The Bournemouth-Poole-Christchurch conurbation is the eleventh largest in Britain. More than that, it is the largest non-industrial conurbation in Europe. More than 480,000 people live here. Although, it is especially notable for the numbers of elderly people (over 30% of the populations of Bournemouth and Christchurch are over 60), we should not neglect the fact that there are many youngsters too. For men the average age is 19! You don’t believe me? It is true. But it is a special kind of average. Mathematicians recognise three different types of average age: the mean - which means all the ages added up and divided by the number of people; the median - which means the age at which 50% are older and 50% younger; and the mode which is the age that comes up most frequently. For men the modal age in Bournemouth is 19 and for women it is 74.
Of that 480,000 how many are Christian? 5%? 10%? 15%? Say it is as many as 15%, this is after all the Bible belt. That still leaves over 400,000 people in this area who are not Christians. What is going to happen to them when they die?
Some modern theologians argue that when you die, you rot. They believe that life for the unbeliever ends in extinction. What a comfortable doctrine that is! We need not be concerned for our friends or relatives who resist the gospel. We need not worry about Muslims in Iraq or animists in Brazil. When they die - extinction. They may not know heaven, but at least they won’t have to suffer for it.
The trouble is that the Bible knows nothing of this. A man is destined to die once, and after that to face judgement (Hebrews 9:27). We must all appear before the judgement seat of Christ, that each one may receive what is due to him for things done while in the body, whether good or bad (2 Cor 5:10). Because of your stubbornness and your unrepentant heart, you are storing up wrath against yourself for the day of God’s wrath when His righteous judgement will be revealed (Romans 2: 5).
Some scholars find an ultimate universal salvation in the New Testament, but this can only be done by ignoring the teaching on Gehenna. This is the word that is translated ‘Hell’ in the AV. It is derived from a Hebrew word which means the ‘valley of Hinnon’, located outside the walls of Jerusalem, where children had been sacrificed by fire to Molech (2 Chron 28:3; 2 Chron 33:6). Jesus talks more about ‘Hell’ than any other in the NT. God has the power to cast both body and soul into hell (Luke 12:5; Matthew 10:28). It is a place of eternal and unquenchable fire (Matthew 18:8; Mark 9:43).
Revelation pictures the final punishment as a lake of fire. It is the destination not only of the beast and the devil, but of the unsaved (Revelation 20:15).
If only the Bible were not so uncompromising. If only there were some hint of a second chance after death. But all have sinned and fallen short of the glory of God (Romans 3:23) and The wages of sin is death (Romans 6:26). We all stand condemned under the same charge. Praise God then that The gift of God is eternal life in Christ Jesus our Lord! (Romans 6:26b). But Salvation is found in no-one else, for there is no other name under heaven given to men by which we must be saved (Acts 4:12). There is only one way.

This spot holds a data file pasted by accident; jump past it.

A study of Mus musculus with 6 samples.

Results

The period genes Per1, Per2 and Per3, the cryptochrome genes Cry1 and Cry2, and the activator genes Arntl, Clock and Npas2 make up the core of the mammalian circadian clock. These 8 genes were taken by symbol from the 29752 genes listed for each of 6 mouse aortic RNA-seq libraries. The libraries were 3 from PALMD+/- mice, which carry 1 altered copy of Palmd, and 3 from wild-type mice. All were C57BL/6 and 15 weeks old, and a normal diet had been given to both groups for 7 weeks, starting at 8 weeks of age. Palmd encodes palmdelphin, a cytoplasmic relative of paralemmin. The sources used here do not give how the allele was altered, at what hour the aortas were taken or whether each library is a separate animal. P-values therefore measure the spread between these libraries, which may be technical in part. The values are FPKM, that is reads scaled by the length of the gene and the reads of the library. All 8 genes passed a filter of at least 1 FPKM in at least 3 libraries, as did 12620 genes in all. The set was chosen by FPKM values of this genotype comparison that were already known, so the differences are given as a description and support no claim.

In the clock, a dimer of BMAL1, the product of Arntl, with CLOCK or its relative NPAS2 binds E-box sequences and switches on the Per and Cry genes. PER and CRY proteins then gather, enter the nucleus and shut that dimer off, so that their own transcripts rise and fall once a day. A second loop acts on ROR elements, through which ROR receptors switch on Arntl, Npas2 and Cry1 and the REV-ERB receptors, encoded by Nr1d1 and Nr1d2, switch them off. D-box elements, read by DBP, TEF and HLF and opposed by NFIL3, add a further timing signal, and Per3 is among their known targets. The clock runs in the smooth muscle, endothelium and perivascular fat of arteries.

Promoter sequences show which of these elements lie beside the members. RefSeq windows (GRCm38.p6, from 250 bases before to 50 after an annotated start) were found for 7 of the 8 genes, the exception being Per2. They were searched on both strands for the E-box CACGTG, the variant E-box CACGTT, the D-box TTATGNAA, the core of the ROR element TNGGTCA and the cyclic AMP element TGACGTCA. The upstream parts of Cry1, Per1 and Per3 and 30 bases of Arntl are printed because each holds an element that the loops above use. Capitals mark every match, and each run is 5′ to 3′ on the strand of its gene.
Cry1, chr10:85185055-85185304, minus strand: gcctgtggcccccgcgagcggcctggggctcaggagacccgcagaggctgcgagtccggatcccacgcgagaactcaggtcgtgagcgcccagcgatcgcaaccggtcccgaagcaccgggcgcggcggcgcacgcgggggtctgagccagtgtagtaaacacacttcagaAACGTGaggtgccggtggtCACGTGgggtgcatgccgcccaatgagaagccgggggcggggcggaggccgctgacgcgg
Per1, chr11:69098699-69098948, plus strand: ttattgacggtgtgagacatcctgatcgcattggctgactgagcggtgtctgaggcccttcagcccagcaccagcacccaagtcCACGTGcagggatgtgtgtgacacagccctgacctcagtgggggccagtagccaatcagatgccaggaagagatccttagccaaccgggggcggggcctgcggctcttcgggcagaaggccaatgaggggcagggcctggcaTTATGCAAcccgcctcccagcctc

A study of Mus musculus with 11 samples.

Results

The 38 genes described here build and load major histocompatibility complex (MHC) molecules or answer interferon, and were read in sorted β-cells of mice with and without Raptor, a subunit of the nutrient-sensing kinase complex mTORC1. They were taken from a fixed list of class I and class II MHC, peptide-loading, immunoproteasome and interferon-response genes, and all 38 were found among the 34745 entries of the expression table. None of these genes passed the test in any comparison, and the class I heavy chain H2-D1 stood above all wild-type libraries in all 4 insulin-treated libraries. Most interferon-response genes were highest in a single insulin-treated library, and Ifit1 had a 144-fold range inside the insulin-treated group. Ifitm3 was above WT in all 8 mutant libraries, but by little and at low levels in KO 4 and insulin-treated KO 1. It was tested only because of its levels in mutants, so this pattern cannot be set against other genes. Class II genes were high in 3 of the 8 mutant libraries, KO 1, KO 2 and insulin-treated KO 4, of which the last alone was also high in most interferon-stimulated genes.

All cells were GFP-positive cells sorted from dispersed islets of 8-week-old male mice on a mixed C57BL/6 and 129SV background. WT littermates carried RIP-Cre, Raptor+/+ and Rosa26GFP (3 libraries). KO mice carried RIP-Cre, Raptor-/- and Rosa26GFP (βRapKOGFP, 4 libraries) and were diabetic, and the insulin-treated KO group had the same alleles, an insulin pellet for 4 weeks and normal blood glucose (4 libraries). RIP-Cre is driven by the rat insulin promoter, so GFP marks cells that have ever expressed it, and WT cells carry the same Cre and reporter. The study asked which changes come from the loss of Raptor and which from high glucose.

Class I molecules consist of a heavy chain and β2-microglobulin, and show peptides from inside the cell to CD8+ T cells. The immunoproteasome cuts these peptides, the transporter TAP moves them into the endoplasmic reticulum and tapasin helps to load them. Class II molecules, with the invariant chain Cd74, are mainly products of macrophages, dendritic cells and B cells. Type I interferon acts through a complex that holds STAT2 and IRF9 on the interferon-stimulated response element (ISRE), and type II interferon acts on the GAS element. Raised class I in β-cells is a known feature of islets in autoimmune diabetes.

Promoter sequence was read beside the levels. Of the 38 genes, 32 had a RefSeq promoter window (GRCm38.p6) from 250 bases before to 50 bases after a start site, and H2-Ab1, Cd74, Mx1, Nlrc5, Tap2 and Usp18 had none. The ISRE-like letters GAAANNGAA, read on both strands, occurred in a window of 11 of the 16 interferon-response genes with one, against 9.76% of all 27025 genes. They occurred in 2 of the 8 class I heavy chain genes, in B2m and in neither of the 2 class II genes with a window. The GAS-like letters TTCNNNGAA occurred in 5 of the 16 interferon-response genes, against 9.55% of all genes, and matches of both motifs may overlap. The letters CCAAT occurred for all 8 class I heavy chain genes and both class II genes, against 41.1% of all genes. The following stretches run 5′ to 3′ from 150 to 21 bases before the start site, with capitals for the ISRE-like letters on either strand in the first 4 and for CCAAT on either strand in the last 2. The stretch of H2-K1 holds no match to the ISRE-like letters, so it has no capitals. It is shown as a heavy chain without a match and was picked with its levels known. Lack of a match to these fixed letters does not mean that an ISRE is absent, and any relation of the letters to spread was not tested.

Although I don’t recommend it, you can understand how rulers of old forced the conversion of their people at sword point. It was not because they were tyrants but because they could not bear their people going to hell. You can even understand why they burnt heretics at the stake. To lead people to hell was a greater sin than murder.
Today we know that everyone must come to Jesus individually, that ritual counts for nothing in salvation and that conversion is the work of the Holy Spirit. But we are all called to be witnesses (Acts 1:8). Since we know the truth, how can we keep it to ourselves?
Several years ago I wrote, “If men and women are going to hell and we do not warn them, either we do not believe it or we do not care.”
The challenge is still the same.
What do we lack as Christians? “A commitment to Evangelism”. But as good physicians, we are not simply concerned with symptoms, we have to discover the underlying disease. Is it, I wonder, that we have no concern for the plight of the lost? Is it that we don’t believe that they are really lost? Or is it that we don’t know how to witness? Are there other more pressing priorities? Are we locked into our very Englishness, our reserve and politeness?
How would you politely shout “Fire!” in a burning building? How would you leave yourself untrained in a smallpox epidemic if only you were immune? What priorities would you put before the lifeboat on a sinking liner?
We need to challenge ourselves over our concern for the lost. Earlier in this article I quoted three texts on judgement. The second one has nothing to do with the judgement of the lost. It refers to the judgement of Christians, on how we perform in the body. We will be judged on our service. How will you face Jesus and tell him, “I knew the way, but I kept it to myself. Being English, I was never so ill-mannered as to thrust it upon those who did not want to hear. I would have done better, but there was so little time.” In this last excuse there is an element of truth. Why are there so many old people in Bournemouth? People move into the area to spend their last few years before they die. But one out of one dies. For each of these there is so little time.